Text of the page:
Note: Very little of what I write on this blog is aimed at the pastors at my church. For that matter, relatively few of this blog’s readers go to my church! My target is broader.
Freud was a gnostic. He believed in the existence of a hidden structure of knowledge which, by using the techniques he was devising, could be discerned beneath the surface of things….
Gnosticism has always appealed to intellectuals. Freud offered a particularly succulent variety. He had a brilliant gift for classical allusion and imagery at a time when all educated people prided themselves on their knowledge of Greek and Latin….
Marxism, now for the first time easing itself into the seat of power, was another form of gnosticism claiming to peer through the empirically-perceived veneer of things to the hidden truth beneath…. Marx had pronounced, ‘The final pattern of economic relationships as seen on the surface…is very different from, and indeed quite the reverse of, their inner but concealed essential pattern.’ On the surface, men appeared to be exercising their free will, taking decisions, determining events. In reality, to those familiar with the methods of dialectical materialism, such individuals, however powerful, were seen to be mere flotsam, hurled hither and thither by the irrestible surges of economic forces. The ostensible behaviour of individuals merely concealed class patterns of which they were almost wholly unaware but powerless to defy….
Marx, Freud, Einstein all conveyed the same message to the 1920s: the world was not what it seemed. The senses, whose empirical perceptions shaped our ideas of time and distance, right and wrong, law and justice, and the nature of man’s behaviour in society, were not to be trusted. Morever, Marxist and Freudian analysis combined to undermine, in their different ways, the highly developed sense of personal responsibility, and of duty toward a settled and objectively true moral code, which was at the centre of nineteenth-century European civilization. (Paul Johnson, from Modern Times, revised 1992 edition)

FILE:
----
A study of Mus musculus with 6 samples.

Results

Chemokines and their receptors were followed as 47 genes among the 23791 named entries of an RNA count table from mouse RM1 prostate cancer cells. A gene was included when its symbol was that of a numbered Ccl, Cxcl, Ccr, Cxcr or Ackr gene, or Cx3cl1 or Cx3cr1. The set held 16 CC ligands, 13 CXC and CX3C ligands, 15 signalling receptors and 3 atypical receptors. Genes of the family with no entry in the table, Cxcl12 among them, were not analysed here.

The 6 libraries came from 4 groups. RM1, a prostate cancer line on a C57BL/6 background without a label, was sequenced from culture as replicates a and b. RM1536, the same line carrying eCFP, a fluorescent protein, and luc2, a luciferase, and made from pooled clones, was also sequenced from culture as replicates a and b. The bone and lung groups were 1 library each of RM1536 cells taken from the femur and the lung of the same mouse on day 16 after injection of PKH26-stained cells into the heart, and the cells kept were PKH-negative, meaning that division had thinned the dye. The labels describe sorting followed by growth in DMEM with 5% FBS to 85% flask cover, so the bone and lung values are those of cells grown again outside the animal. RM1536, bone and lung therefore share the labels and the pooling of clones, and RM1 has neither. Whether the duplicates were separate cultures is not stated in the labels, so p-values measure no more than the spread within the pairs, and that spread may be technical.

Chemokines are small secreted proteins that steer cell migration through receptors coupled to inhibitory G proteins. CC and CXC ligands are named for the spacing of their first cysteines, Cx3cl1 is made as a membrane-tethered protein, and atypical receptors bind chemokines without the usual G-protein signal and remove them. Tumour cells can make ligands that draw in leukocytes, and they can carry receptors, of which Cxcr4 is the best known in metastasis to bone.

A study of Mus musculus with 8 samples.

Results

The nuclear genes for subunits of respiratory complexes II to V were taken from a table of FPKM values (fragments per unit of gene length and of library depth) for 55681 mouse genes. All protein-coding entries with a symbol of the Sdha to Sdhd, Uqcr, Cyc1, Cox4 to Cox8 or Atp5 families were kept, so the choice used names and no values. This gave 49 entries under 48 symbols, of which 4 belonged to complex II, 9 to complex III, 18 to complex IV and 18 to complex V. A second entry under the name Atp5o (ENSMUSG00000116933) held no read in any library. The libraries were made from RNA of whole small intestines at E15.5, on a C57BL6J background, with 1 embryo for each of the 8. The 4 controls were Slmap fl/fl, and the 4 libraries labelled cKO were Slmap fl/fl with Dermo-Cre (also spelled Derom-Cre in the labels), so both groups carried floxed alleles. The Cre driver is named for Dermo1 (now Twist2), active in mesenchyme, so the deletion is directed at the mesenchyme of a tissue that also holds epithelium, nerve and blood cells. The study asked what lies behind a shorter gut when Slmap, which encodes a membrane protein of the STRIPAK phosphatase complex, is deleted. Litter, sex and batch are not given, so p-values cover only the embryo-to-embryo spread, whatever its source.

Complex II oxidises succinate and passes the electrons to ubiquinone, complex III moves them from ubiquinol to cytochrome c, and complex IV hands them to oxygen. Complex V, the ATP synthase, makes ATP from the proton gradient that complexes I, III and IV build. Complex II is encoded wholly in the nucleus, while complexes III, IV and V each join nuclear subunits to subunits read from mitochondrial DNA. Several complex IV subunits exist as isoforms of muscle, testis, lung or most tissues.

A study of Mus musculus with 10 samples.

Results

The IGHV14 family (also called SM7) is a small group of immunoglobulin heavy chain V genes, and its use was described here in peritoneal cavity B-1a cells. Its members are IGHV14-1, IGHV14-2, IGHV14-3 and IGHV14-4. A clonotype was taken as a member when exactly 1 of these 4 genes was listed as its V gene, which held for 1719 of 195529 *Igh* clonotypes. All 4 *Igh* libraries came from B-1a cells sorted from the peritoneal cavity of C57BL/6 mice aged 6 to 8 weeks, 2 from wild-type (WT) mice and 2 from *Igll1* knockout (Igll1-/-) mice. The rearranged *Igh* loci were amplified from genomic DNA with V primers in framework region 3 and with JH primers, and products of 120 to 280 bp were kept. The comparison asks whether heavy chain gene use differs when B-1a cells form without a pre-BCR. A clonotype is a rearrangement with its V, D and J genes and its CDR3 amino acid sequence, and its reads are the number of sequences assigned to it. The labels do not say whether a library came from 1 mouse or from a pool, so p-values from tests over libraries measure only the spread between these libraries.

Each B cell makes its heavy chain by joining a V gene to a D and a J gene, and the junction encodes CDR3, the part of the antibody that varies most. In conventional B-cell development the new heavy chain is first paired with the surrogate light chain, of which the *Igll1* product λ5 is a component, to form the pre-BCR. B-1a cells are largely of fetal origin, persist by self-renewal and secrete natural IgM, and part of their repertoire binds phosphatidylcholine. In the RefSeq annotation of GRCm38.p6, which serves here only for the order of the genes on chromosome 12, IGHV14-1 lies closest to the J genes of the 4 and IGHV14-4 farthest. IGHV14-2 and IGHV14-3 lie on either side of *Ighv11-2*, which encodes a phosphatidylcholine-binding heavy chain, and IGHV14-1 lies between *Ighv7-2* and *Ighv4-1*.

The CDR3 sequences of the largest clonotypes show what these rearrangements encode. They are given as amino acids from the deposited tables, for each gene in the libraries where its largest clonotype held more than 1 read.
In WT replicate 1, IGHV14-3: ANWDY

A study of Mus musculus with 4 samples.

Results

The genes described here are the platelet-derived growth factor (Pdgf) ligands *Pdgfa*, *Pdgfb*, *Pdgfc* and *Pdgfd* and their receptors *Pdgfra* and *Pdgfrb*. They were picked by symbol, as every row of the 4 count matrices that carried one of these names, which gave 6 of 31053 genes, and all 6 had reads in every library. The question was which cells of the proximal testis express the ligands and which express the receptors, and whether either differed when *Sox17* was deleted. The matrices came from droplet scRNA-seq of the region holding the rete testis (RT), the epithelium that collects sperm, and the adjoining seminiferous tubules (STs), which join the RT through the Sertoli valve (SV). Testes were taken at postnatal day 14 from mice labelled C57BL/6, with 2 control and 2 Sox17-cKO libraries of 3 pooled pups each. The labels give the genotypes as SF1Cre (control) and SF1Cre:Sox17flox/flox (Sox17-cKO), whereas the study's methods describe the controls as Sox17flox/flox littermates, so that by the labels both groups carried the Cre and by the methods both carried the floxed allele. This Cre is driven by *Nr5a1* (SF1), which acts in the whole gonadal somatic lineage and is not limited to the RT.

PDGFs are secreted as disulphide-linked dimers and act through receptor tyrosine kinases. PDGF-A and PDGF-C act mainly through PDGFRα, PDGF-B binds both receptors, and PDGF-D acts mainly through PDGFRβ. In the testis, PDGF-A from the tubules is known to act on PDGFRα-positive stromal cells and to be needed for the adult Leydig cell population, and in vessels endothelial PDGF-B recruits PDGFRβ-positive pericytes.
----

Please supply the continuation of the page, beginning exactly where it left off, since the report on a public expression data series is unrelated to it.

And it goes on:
Think about this for a moment. Johnson makes his case that Marx and Freud were two men who persuaded people with their thunderclaps of well-articulated, special insight into how things really are. The senses cannot be trusted. Motives and forces are at work, and they can neither be helped nor stopped.
When you say things and do things, special people have insight into what you really meant and what you were really doing and why you were doing it.
Isn’t all that very, very similar to the claims of many pastors today? They know exactly how your (rarely defined) “heart” is bent. They have knowledge of hidden workings of your mind, your will, and your emotions.
You work hard because you worship money — it’s this internal idolatry, hidden within your external pretentions of providing for your family and being responsible.
Isn’t this exactly what people fallaciously do when they “read” assumptions and presuppositions “into” what others say?
It’s an assumption if the insight does not match with the gnostic theory.
It’s an insight if the assumption matches with the gnostic theory.
Well, perhaps Freud and Marx have won the day. I find it very difficult not to think in the very ways that Johnson describes.
I admit — thinking of Augustine and Puritans in gnostic terms seems a little unlikely. However, looking inward, to motives, rather than outward, to actions, is essential to Christianity.
Maybe Johnson isn’t entirely accurate with his use of the word “gnostic”? But then again, I find it hard not to think about any available school of thought without some reference to a “hidden” structure of what’s really going on with and within humans.
I’m still thinking this through. What do you think?